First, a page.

Without some serious research, buying a new TV that best suits your needs can be a pain in the rear. LED LCD, plasma screen, CCFL LCD; it all comes down to price unless you know what you’re getting into beforehand. I’ll lay down the differences and strong points between the three so you’ll be able to make an informed decision.
We’ll start with plasma screens. These are a great choice when it comes to size/price ratios, so you’ll be getting your money’s worth no matter how big you want your screen. Let’s take a closer look at the plasma screen phenomenon:
- Excellent color contrast and black levels, meaning you’ll get a clear, realistic picture with a clean, sharp transition between the lighter and darker parts of the screen.
- Higher contrast may be necessary for a prettier picture, and as a result, the energy consumption will spike a bit. It’s nothing extreme, but it’s worth noting.
- Lower screen brightness. Not a dealbreaker, but it might irk someone who’s used to blinding LCD screens. Choosing a plasma TV with anti-glare/reflection screen material is generally a good idea.
- Flexible pricing, as mentioned above, to suit any potential buyer.
Next up is LED LCD, the big, bright, and fabulous option. These guys tend to have a higher price tag, but they make up for it with other positive traits:
- Much lower energy consumption. The TV won’t pay for itself, for the record. This caters towards a more “environmentally savvy” type of customer, rather than someone looking to save money in the long run.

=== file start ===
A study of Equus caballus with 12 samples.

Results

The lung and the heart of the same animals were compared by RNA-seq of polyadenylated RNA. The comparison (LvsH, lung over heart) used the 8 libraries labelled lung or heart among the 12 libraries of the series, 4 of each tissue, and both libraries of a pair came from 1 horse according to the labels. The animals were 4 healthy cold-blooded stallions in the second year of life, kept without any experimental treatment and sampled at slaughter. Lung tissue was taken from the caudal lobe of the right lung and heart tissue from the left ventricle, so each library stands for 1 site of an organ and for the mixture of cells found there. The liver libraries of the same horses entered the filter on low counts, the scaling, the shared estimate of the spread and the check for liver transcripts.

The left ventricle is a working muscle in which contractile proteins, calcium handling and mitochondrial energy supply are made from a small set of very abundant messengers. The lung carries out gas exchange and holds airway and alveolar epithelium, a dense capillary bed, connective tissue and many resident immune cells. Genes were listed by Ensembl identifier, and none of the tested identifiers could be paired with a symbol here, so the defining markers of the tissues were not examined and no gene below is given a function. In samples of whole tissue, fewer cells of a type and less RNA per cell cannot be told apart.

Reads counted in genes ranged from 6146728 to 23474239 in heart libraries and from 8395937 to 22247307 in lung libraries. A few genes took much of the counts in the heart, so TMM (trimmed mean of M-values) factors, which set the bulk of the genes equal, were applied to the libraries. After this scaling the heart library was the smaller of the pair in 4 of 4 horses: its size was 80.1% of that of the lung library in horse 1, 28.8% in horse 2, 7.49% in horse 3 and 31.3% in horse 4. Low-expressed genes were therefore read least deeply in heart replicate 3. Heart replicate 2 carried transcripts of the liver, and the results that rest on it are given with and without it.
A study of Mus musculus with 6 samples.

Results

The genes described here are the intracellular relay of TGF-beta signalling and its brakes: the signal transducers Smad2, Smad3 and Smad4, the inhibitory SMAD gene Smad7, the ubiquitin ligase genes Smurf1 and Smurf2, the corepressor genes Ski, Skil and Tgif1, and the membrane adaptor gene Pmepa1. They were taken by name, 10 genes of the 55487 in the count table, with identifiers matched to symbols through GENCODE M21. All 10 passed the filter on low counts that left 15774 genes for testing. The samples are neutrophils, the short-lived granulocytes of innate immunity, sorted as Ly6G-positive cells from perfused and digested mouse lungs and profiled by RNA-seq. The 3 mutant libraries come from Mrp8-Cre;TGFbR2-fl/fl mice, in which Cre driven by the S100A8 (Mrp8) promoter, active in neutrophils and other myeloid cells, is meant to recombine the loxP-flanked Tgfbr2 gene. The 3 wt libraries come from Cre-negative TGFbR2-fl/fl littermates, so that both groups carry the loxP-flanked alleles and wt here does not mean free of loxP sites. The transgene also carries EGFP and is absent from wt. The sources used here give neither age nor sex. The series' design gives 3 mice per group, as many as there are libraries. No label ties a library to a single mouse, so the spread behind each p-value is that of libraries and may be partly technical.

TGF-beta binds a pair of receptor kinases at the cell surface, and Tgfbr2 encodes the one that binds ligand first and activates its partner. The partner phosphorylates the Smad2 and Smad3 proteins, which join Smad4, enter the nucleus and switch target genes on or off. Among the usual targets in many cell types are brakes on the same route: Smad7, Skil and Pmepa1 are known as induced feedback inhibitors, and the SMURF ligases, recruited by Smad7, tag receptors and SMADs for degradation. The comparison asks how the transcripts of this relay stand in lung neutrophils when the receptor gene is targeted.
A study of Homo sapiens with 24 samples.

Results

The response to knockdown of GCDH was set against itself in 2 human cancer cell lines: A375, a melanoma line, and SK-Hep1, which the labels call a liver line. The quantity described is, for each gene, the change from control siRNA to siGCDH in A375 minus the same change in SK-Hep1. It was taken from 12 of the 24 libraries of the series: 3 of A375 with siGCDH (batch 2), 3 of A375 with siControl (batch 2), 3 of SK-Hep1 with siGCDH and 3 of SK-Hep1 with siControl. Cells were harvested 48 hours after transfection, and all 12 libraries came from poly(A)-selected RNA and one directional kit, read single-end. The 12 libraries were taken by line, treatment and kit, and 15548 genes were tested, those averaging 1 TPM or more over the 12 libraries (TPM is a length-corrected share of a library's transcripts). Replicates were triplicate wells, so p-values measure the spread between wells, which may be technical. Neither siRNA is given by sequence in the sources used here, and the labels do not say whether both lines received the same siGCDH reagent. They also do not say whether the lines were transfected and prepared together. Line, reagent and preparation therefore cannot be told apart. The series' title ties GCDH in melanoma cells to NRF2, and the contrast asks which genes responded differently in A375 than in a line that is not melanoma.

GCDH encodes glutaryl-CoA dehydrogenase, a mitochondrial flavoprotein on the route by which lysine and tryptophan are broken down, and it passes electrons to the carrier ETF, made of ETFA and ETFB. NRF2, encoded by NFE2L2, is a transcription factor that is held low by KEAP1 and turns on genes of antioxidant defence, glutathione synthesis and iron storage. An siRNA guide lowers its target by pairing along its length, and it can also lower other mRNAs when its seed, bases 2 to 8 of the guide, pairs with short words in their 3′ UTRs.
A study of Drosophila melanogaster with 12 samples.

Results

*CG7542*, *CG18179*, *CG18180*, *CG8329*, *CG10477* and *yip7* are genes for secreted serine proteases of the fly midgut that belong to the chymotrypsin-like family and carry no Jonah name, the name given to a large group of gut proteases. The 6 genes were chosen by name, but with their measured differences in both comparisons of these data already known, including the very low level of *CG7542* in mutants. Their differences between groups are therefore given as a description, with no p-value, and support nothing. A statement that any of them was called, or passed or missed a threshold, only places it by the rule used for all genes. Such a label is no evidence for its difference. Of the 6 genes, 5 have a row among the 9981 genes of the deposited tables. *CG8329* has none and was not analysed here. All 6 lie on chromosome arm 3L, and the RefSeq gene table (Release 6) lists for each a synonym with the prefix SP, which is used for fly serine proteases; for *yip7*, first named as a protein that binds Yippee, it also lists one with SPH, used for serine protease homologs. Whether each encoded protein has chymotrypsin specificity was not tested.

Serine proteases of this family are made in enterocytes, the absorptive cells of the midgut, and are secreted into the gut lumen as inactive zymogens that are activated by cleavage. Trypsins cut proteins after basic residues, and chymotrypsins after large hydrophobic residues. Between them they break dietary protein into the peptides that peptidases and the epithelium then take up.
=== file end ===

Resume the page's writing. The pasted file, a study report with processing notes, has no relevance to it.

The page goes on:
- Exceptional light output. No matter how dark the room is, LED LCD can compensate. The maximum brightness setting is enough to hurt your eyes, to say the least.
- Uniform brightness may be an issue for the more attentive, perhaps perfectionist TV shoppers. Due to the positioning and nature of the LED backlights, there may be some disparity in the overall brightness of the screen, though it will not impact picture quality.
Last but not least, the CCFL LCD. These TVs tend to be low-end, thus have a much lower price attached to them. While they don’t have any outstanding traits to their name aside from their reasonable pricing, they are by no means inferior TVs. Consider them cheaper versions of the LED LCD TVs; a little less bright, a little more energy consuming, slightly reduced contrast ratio, but still an feasible option.